An impact project is a project where each student has the opportunity to decide on what they will learn and then design their course of study accordingly. The students’ teachers will map this learning against the New Zealand Curriculum or NCEA and help them take their learning to a deep level. There are some conditions about the impact project.
- The learning must be able to have an impact on others in our community (ie: someone may benefit from your project).
- Students are required to show what they have learned during the exhibition stage of the project. (They can do this by a video presentation, speech, static display, poster, blog, written report or other approved by their teacher). They will be expected to be able to answer questions about their project that helps show their level of learning.
- All students are involved in undertaking an impact project.
- Students will most likely do two projects during the year; one in Semester A and one in Semester B.
- An impact project is important because:
- It allows students to take control of their learning.
- It can make their learning more meaningful.
- It allows students to take their learning to a deep level.
- It can establish links with possible career paths.
- It focuses on the skills required for 21st century learning.
- It helps develop resilient and independent workers who actively seek, use and create knowledge using faith and reason.
- It promotes the ability to set goals and work towards achieving them.
- It can help promote stewardship of the earth for the good of all.
- It can help promote social justice for all, especially the most poor and vulnerable in society.
- It can help develop leadership skills through service to others.
- It can make a contribution to the community.
Not all students may want to design their own project at this point in time and we have also included some umbrella projects that students could undertake.
Umbrella projects have a greater degree of guided learning.
The umbrella projects on offer are:
- Enviroscience: We have a responsibility to protect our planet and leave it to future generations in at least as good a state as we found it. How can we prevent further pollution of our planet? What will happen with all that plastic? Are our waterways safe? What are the alternatives to fuels? Students will select one project to focus on and target an audience so that we raise awareness or change the way we are doing things for the benefit of future generations.
- Protection of the most poor and vulnerable in our society: We have a responsibility to protect the rights of all other people in our community both local and global. This is especially so for those people who are most vulnerable and do not have a ‘voice’ in society and for those who are on the margins of society due to poverty. Some of the projects developed might reinforce the work done by the St Vincent de Paul Society, Caritas, or the Red Cross. Students will choose one project to focus on and target an audience so that we make a difference in society.
- Robotics and Gaming: In this project students will design their own computer game or learn about coding and programming so that they can design and build a robot. There will also be the opportunity to learning how to make apps.
- The Outlook for Someday: In this project students will create a short film. The film will focus on an identified theme. These themes lend themselves to various competitions including issues of sustainability. Students will learn video production techniques and develop acting skills.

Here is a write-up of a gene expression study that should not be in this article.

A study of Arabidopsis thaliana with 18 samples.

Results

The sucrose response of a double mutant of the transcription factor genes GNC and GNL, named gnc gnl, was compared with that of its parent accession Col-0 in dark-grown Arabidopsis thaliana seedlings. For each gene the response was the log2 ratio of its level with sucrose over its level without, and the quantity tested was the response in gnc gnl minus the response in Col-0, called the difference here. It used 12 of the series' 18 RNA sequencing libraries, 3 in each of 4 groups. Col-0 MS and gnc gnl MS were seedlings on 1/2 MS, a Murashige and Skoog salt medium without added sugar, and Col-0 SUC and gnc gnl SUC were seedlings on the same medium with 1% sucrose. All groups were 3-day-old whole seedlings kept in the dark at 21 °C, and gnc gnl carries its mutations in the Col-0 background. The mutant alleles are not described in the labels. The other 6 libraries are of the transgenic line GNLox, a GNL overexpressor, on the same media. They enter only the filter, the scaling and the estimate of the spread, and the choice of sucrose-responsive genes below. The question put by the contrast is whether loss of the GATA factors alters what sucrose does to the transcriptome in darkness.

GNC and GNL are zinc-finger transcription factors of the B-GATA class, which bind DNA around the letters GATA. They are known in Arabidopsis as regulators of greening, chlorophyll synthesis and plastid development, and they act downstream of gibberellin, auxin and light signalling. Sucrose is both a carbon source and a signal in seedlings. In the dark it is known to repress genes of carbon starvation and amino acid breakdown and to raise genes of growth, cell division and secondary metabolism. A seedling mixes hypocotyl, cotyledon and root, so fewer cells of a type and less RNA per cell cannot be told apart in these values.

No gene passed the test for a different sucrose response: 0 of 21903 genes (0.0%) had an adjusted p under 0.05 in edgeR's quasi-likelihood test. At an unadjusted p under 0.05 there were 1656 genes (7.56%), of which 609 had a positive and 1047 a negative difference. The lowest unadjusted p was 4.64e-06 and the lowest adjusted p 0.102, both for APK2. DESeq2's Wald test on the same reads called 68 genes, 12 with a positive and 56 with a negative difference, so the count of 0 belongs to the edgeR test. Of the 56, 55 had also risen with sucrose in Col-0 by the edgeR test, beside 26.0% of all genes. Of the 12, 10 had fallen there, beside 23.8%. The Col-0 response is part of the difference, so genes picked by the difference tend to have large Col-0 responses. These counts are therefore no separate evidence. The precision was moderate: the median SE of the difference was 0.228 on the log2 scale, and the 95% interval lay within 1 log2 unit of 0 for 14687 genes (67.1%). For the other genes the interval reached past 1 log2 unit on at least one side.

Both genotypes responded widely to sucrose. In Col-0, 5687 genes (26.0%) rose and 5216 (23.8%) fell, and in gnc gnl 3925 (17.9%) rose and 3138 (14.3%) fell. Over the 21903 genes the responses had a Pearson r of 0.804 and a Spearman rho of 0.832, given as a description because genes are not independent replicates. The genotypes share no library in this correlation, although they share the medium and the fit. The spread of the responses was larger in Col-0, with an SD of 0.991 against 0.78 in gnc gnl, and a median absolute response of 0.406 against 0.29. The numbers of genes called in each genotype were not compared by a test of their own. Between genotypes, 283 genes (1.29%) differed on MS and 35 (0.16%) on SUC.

- The Young Enterprise Scheme (Y.E.S): In this project students will form a company and run their own business. They will design and develop a product that they will market. They will be dealing with real money and real profit and loss in their business. Y.E.S is part of a New Zealand wide scheme that has been running for over 30 years.
- Surfing Academy: The surfing academy is designed to develop surfer’s skills to a high level competitively and/or according to the student’s personal goals. As part of the academy students will host an event, develop their leadership skills and analyse skill development. They will be involved in videoing, and look at the science and physiology involved in surfing.
There are four key stages in the Impact Project: developing the proposal, progressing the plan, exhibiting the findings and evaluating the learning.
1. The proposal. Weeks 1-3. Over the last 3 weeks students have been designing their proposal outline. The outline should show that:
- The aim is worthwhile and requires them to take their learning beyond themselves by participating and contributing in the community.
- They have identified how they will measure the quality of their project using success criteria developed with teachers and experts.
- There is substantial learning involved for them.
- Their initial timeline shows the project will maintain momentum and engagement over an extended period of time, (around 12 weeks).
2. Progressing the plan. Weeks 4-12. Students will be guided in developing their project.
3. Exhibition. Weeks 13-14. All students will exhibit their learning at the end of the semester or when outlined in their proposal. Exhibiting the learning is a key part of each project and should engage the audience and clearly show the level of learning achieved. This can be done as a display, a video, a poster, a brochure, a speech etc. It may be a presentation to a community group.
4. Evaluation. Week 14. This involves evaluating the project by staff and the student.
Most students have now completed the proposal stage and we look forward to the detail of their projects.